Paterson Restaurant in Richmond

Updated on 1st Oct 2008, this restaurant had been replaced by another new restaurant.

Once in a while, we chance on a nondescript restaurant … you know, ones that looked so unassuming from the outside that chances you will never give it a second glance? The other day, our boys wanted to go to e-Canteen for a HK-Style lunch. We got to the entrance to e-Canteen before we changed our mind. We decided that we don’t want another HK-Style meal (yeah, we’re really fickle-minded when it comes to food!).

We looked across the parking lot seeking for another place for lunch. This was in the strip mall right across the road from the Richmond Public Market.


For the outside, the Paterson Restaurant does look very much like a small and quaint place for a casual meal. We decided to check out the many hand written poster-menu on the window and peered inside. It was alright, the prices looked really cheap and they have a bit of a unique dishes that is not run-of-the-mill stuff we had come to expect from places that looked like this.


We were there early and were the only customer in the restaurant. This looked very much like a family run business as we see children seated at one corner of the restaurant having a meal and doing homework.

There are nothing much to the decor really — with low-maintenance and efficient glass top tables and wooden chairs. I have not seen such chairs for a long time — such designs were really common in coffee shops in South East Asia.

Despite this, what really surprised us was the food they serve. They have on their menu specials such as Congee with a choice of Chinese Donut or steamed rice roll or chowmein with soya sauce for only $3.99. I can’t think of anywhere we can find such a meal for under $4 nowadays.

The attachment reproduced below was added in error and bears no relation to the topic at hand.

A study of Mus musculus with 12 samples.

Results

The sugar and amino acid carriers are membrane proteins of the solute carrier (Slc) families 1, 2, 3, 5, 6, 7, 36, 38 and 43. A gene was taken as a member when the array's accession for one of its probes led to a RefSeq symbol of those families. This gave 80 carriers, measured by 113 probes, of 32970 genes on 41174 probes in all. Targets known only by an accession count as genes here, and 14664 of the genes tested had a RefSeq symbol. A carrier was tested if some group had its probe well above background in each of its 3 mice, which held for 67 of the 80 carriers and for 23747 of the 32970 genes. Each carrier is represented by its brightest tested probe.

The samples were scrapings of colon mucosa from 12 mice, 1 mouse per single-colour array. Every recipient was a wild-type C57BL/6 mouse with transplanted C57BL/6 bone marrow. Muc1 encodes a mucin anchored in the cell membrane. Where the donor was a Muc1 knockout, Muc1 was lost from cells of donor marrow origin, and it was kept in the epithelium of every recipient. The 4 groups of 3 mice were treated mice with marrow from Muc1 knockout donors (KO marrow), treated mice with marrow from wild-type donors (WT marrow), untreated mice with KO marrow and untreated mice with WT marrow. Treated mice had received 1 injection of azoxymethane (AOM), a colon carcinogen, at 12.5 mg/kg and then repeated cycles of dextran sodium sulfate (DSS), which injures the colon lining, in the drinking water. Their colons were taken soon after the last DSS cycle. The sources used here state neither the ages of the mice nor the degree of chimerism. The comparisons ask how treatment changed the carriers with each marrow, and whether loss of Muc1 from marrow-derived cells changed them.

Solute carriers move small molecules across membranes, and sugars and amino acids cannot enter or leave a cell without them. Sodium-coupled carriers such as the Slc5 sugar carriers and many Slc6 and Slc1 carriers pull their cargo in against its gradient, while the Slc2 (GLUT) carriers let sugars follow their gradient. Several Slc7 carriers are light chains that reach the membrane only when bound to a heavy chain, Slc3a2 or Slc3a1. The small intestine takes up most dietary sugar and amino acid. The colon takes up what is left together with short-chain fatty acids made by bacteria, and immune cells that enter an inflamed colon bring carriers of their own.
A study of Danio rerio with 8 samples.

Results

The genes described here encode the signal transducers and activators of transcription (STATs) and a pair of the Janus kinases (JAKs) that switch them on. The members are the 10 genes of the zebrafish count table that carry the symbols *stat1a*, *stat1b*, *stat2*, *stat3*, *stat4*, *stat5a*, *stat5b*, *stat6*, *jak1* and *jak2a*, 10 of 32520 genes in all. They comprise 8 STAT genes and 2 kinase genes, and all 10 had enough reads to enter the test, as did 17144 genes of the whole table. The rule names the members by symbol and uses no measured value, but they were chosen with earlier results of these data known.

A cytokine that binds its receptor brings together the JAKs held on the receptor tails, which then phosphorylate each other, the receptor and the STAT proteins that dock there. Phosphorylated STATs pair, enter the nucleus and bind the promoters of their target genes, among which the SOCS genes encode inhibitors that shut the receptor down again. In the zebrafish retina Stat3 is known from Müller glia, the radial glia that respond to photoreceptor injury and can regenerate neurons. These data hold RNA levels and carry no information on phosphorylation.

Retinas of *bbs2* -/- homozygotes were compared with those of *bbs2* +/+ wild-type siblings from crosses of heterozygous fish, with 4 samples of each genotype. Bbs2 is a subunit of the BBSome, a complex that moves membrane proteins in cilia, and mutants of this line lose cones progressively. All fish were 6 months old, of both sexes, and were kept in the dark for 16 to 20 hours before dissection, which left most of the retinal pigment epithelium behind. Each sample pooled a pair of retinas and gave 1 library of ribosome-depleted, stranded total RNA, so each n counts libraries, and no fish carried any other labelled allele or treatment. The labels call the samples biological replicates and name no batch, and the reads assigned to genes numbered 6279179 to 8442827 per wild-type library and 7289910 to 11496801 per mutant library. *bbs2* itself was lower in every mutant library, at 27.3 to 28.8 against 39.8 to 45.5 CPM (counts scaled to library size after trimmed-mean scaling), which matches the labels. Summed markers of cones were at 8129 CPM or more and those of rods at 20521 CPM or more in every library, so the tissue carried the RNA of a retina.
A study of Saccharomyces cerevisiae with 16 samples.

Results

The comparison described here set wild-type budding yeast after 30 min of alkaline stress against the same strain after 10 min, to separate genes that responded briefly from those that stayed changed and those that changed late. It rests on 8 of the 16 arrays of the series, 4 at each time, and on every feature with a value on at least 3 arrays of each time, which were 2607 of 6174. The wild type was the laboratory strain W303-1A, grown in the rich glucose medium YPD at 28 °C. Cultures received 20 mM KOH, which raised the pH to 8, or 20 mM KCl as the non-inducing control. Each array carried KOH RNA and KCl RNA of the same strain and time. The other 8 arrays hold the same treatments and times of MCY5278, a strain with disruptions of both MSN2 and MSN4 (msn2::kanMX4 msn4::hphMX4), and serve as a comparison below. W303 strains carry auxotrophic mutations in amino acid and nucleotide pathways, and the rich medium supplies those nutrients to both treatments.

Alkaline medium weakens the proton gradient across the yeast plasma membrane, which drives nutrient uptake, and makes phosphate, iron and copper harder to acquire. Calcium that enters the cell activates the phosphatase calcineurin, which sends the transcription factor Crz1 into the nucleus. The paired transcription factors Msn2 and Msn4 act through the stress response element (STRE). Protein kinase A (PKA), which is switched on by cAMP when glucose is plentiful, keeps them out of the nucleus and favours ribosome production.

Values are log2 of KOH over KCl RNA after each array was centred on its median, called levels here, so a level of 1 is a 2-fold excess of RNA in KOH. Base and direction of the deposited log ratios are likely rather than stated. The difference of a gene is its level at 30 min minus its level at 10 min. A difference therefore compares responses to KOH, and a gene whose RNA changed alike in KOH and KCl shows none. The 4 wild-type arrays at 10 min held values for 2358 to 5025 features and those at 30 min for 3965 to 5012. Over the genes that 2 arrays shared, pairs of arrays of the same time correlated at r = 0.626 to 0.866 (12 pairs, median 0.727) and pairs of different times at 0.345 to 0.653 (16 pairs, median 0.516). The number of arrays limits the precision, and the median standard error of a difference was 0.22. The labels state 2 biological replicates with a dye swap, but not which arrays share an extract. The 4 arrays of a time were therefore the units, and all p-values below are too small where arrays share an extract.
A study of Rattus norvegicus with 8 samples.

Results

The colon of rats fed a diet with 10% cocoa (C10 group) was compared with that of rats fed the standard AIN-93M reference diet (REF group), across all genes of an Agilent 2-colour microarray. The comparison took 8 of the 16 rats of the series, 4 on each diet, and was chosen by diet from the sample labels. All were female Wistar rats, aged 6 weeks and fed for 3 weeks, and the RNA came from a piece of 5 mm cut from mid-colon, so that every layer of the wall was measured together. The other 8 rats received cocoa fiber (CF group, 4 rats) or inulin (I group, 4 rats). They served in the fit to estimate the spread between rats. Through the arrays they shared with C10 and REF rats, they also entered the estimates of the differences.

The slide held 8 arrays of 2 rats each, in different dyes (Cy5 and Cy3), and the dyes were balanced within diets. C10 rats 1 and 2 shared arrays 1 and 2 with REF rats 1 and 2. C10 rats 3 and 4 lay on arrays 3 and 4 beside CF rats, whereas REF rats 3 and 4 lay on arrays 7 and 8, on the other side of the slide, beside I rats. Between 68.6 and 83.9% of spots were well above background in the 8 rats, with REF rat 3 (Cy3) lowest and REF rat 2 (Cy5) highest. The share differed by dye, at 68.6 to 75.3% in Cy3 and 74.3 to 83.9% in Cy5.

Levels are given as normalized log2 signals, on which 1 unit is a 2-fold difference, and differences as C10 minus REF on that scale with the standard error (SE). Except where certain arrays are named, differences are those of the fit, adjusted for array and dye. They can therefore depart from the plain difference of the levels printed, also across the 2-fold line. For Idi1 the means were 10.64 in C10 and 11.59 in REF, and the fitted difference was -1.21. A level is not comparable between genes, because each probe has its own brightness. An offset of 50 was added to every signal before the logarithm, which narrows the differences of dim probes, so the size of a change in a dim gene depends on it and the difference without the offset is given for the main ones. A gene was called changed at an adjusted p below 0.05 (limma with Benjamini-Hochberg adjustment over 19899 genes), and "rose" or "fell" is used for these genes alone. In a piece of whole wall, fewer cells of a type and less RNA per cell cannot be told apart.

They also have on their menu (which we gather is their specialty) 2.5 lb crab dishes for only $14.99. Since it was really early in the morning, we took a raincheck and told ourselves we will come back to Paterson to try their crab someday … soon.


See this one … it is called the Oyster Rice in Soup. Oh man, this is such a simple dish which I remember having so much when I was really young. It’s just broth with oysters and rice but I enjoyed it a lot. For a $5.95 dish, there were surprisingly a lot of oysters and mushrooms. This is truly a homestyle fare which you do not find in other restaurant.


Nanzaro and Arkensen, as usual, went for their Salted Fish Chicken Fried Rice. Do you all have any advice for us? Suanne and I need to ween the boys off from fried rice. I mean, how on earth will they take over from us if they continue to only eat fried rice? He he he … maybe they will just rename this blog to 🙂 [Note: fried rice in Cantonese is called chow-fan]

The fried rice was OK. With salted fish, fried rice is always OK no matter how it is done. I remembered that it was really fragrant. $7.95 gives a plate big enough to whet the appetite of two growing boys.


The Mui Choy Khau Yoke Rice (Pork Belly and Preserved Vegetable on Rice) is another homestyle comfort food we don’t normally find else where. It is just $5.95. The sauce was excellent and goes so scrumptiously well with the rice. The pork belly slices were thick and tender. You MUST try this — even though it is not exactly really healthy food.

The Paterson Restaurant is opened from 10:30AM to 10:00PM everyday. Note that they take only cash which is understandable because of their cheap prices. The total bill came up to only $23 including taxes and tips.


    You guys are very lucky to live in a place where has so many Chinese restaurants to choose!

  2. Jessica

    To ween kids off food you could try what we did with my nephew…who insisted on only eating peanutbutter and jam sandwiches. Let them have rice but also insist that they try something new. If at home you can serve the “new” thing in interesting shapes. But, my nephews 3 and your boys are older so that may not work!

  3. Opus

    alright, lecture time.
    The pork belly with preserved vegetable (or Mei Cai Kou Rou in pinyin, which I prefer to use) uses mustard green as the vegetable part. It is usually served in a clay pot, and it surprised me to see it topped on rice.
    It’s a hakka dish, although quite popular in both Northern and Southern China. A variation of this dish uses the yam to replace the mustard green. A comparable dish is the Don Po pork of Hangzhou.